Monday, May 20, 2013

Working On The Purple Black Dress

A friend's daughter is expecting a boy in June. After seeing what wasn't in the stores when I went shopping for my grandson, I decided to knit a sweater as a baby gift. It's a nice change from scarves and gave me a break from working on the purple black dress which is what I've - mostly - done so far this weekend.




The fabric is a nightmare to work with. It's a stretch lace that's snappy, snags easily, and sticks to itself. The serger won't cut it, the walking foot catches, and it doesn't press. It's also see-through so I used a black ITY knit as the lining with the seam allowances on both layers facing inward. Above, the layers are hand basted at the armhole and neckline. Hand basting was safer than using the machine and making a mistake since it would be near to impossible to remove stitches.




I'd have preferred nicely serged seam allowances however, since that wasn't an option, I stitched them at 5/8" with a slight zigzag, trimmed to 1/4", and attempted to press open.




A single layer of the lace would have been too bare on the sleeve so I doubled the fabric by cutting the hemline on fold.




The long sleeve seam is stitched, trimmed, and pressed and then the piece is folded in half with the seam allowances inside. The cap line is matched notch to notch and the resulting sleeve is sewn into the armhole as one.




The dress was drafted using Katherine Tilton's Vogue 8691 t-shirt pattern. I lengthened each seam so that the shortest straight section at center front would end up just below knee length. The hemline is jagged and longer in the back. Above it's unfinished. I debated several hemming options which all seemed too fiddly and heavy and in the end zigzagged over the edge with purple thread, a wide stitch, and tight tension creating an uneven, rolled hem with a slight lettuce edge.




How close together the stitches are, how wide they are, and how much tension you put on the knit determines the finished look of the hemline. In the sample above, the lining fabric curls and waves and has a tendency to flip up which isn't good so...




... instead I zigzagged over the edge with no tension which resulted in a rolled but flat edge. This works. I'm debating whether the hemline should be shorter which could be easily done by cutting off the required length and repeating the hemming choices.




While I worked on the rest of the dress, the neckline kept stretching. To bring it back into shape and to prevent further stretching, I created a facing-like piece using silk dupioni interfaced with fusi-knit. It's light weight and strong. I also softened the sharp angle of the V by curving the neckline edges slightly as you can see with the chalk lines.




This piece was pinned to the neckline on the inside wrong sides together and then basted in place. It's not seamed. It's simply sitting behind neckline. By basting from the facing side, with the lace below, the presser foot helped to ease in the stretched length.




Here are the three layers - neckline, lining, and silk facing behind. The neckline is now stabilized although the edges are still raw.




To finish, I zigzagged one edge of a 2" strip of lace and then folded it over the neckline covering the earlier basting stitches and secured it in place by stitching 1/4" from the edge. It's very soft as opposed to the harsher line a seamed facing would have provided.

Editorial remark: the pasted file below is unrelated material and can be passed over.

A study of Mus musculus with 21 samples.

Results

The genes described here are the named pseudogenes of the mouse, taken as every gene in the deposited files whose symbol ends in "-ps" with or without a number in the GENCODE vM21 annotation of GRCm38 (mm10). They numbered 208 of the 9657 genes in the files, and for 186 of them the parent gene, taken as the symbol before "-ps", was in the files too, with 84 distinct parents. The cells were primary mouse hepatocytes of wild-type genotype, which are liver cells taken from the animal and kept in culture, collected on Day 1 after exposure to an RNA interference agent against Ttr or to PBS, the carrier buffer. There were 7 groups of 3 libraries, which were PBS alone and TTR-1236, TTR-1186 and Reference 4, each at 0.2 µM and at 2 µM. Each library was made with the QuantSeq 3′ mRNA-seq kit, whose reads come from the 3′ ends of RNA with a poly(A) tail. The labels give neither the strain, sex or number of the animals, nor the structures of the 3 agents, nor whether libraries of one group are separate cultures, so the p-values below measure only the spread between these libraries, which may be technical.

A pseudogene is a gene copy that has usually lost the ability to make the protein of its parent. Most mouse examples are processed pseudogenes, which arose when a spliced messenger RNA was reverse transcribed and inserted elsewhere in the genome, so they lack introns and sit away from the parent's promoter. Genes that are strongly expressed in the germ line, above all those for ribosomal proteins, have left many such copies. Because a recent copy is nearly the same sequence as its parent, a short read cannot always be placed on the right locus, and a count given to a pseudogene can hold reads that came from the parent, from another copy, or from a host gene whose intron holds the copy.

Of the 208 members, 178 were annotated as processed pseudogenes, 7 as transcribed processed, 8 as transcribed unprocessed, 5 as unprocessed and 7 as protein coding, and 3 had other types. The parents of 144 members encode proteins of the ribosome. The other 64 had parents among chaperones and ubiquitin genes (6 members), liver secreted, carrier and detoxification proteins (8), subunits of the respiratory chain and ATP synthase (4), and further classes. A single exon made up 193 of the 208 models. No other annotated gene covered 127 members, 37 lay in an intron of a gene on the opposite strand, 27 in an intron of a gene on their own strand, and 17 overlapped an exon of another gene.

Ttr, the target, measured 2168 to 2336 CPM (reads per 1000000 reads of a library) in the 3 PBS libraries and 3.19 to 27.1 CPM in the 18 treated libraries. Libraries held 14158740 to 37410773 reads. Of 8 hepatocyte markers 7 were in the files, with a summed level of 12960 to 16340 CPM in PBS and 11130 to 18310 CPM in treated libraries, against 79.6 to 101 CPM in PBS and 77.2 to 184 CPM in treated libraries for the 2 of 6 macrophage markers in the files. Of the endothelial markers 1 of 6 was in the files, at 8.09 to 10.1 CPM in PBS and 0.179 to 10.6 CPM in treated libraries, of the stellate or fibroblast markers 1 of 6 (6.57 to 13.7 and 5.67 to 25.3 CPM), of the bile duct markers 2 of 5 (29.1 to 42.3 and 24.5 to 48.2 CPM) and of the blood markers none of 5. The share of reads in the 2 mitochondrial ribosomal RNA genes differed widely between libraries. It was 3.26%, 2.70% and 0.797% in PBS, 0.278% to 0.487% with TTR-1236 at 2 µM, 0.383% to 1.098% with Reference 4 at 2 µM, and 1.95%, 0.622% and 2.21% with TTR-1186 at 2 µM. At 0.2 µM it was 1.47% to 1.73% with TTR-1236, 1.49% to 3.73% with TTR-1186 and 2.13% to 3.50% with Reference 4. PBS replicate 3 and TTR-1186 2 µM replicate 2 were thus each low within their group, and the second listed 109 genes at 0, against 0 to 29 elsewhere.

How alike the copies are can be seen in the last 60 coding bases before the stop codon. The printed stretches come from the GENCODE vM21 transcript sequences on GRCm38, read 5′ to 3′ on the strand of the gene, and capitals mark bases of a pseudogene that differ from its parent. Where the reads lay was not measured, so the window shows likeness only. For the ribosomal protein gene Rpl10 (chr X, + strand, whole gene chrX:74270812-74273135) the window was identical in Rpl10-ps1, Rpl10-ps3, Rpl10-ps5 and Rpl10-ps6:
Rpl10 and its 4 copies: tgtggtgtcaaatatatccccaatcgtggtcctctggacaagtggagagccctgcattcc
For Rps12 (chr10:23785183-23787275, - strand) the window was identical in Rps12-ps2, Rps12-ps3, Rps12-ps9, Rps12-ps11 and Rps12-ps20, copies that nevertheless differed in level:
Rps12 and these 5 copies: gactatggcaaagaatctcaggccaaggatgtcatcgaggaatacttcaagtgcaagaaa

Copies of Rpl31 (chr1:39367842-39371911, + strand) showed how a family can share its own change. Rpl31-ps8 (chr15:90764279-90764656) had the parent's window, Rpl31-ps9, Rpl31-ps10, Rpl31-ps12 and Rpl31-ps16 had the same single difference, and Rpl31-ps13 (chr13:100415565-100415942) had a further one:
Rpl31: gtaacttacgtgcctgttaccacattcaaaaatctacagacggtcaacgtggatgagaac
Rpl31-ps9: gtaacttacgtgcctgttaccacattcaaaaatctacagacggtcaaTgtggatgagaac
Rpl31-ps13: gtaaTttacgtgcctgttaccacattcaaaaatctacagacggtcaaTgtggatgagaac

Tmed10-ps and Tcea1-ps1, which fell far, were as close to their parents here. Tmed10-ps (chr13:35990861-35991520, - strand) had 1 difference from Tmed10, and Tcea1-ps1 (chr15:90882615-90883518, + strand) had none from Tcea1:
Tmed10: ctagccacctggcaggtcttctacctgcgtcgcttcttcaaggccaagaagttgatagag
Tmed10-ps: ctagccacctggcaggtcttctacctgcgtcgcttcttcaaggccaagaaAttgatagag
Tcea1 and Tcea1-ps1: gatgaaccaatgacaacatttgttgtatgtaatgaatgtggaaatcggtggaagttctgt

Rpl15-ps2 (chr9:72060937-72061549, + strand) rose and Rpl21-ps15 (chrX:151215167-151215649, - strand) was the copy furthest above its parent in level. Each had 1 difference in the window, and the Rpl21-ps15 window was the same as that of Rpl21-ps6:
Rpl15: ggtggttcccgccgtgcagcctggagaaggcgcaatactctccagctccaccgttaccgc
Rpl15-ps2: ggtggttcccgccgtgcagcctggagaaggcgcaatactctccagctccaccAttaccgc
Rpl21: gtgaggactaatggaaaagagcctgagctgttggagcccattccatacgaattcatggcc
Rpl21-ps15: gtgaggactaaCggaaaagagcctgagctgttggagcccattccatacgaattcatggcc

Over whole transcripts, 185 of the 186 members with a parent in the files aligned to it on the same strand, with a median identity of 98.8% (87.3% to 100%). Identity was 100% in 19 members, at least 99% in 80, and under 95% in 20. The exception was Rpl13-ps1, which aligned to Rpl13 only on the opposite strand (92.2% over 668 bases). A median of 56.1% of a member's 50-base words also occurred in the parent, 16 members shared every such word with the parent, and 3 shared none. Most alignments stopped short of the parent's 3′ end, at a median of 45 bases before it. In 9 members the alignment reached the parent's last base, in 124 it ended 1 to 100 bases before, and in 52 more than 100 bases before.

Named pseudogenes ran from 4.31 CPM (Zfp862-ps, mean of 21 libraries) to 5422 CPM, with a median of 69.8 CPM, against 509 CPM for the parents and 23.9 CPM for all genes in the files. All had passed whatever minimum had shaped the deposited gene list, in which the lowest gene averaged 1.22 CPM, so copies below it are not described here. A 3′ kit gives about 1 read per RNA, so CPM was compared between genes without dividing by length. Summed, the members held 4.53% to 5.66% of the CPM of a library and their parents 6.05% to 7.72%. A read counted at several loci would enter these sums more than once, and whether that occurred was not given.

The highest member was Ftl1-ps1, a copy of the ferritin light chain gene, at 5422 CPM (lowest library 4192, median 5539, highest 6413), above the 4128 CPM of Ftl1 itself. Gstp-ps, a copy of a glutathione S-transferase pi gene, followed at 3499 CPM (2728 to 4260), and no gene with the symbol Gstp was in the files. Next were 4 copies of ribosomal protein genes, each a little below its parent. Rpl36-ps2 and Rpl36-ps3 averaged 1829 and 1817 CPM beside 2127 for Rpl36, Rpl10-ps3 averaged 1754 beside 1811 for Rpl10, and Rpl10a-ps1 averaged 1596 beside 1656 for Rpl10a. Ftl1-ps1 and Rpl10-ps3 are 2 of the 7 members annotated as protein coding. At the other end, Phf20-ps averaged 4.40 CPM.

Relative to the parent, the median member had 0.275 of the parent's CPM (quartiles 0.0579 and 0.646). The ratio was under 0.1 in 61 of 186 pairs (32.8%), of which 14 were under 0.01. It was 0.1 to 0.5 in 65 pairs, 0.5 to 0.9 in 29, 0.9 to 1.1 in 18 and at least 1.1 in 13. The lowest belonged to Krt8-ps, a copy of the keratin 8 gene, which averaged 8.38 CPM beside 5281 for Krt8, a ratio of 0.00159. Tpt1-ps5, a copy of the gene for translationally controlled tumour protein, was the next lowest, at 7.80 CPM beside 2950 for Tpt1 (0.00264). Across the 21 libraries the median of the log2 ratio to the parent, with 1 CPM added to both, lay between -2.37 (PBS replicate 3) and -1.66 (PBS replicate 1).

The dress is mostly finished. I'll post the results tomorrow. All that's left is to fine tune the fit through the back and - as I said earlier - debate the length although I'll most likely leave it as is until I've worn it a few times and decide. It's terrible fabric to work with but a great pattern and the results feel wonderful on - a comfortable t-shirt dress.

While Howard's in Guatemala, I plan to give the house a thorough cleaning.  Typically, I just do it all at once and get it over with - and that may still happen - only first I'll try working in sections. Today's goal is a general clean of the upstairs and a thorough clean of the hall closet, the bathroom cabinets, and our bedroom. Since I cleaned my closet and dresser drawers not too long ago, I won't need to spend much time there and I should be able to get back to sewing early afternoon. I hope. I can think about my next project while cleaning.

Talk soon - Myrna

Grateful - persistence in the face of horrible fabric, great results

4 comments:

  1. I always hand baste underlining and outside fabric together. I feel like that gives me much better control. I can spread everything out flat on my work table and get the two pieces lined up the way I want and they don't then shift while I'm basting as they might (will) if I tried to do it at the machine. While I don't really like to do much finishing by hand, I do find that I do a lot of prep work by hand and I'm much happier with the finished result.

    The dress is looking lovely. I hope it is a happy dress when you are finished. ;)

    Lois K

    1. Like you, I use hand work only where it improves the results otherwise I much prefer working by machine.

      LOL - I think it will be a happy dress.


    I can't wait to see the finished dress.

    When you're done cleaning your house would you come do mine?

    1. For a lining - in most cases - I find that one of the darker neutrals such as black, brown, or navy works the best. The gradation of colors in your fabric sounds really pretty.

      The dress will be in tomorrow's posting without head or heels but...

      LOL - when I'm done deep cleaning my house, I'm going to be a lump on the couch.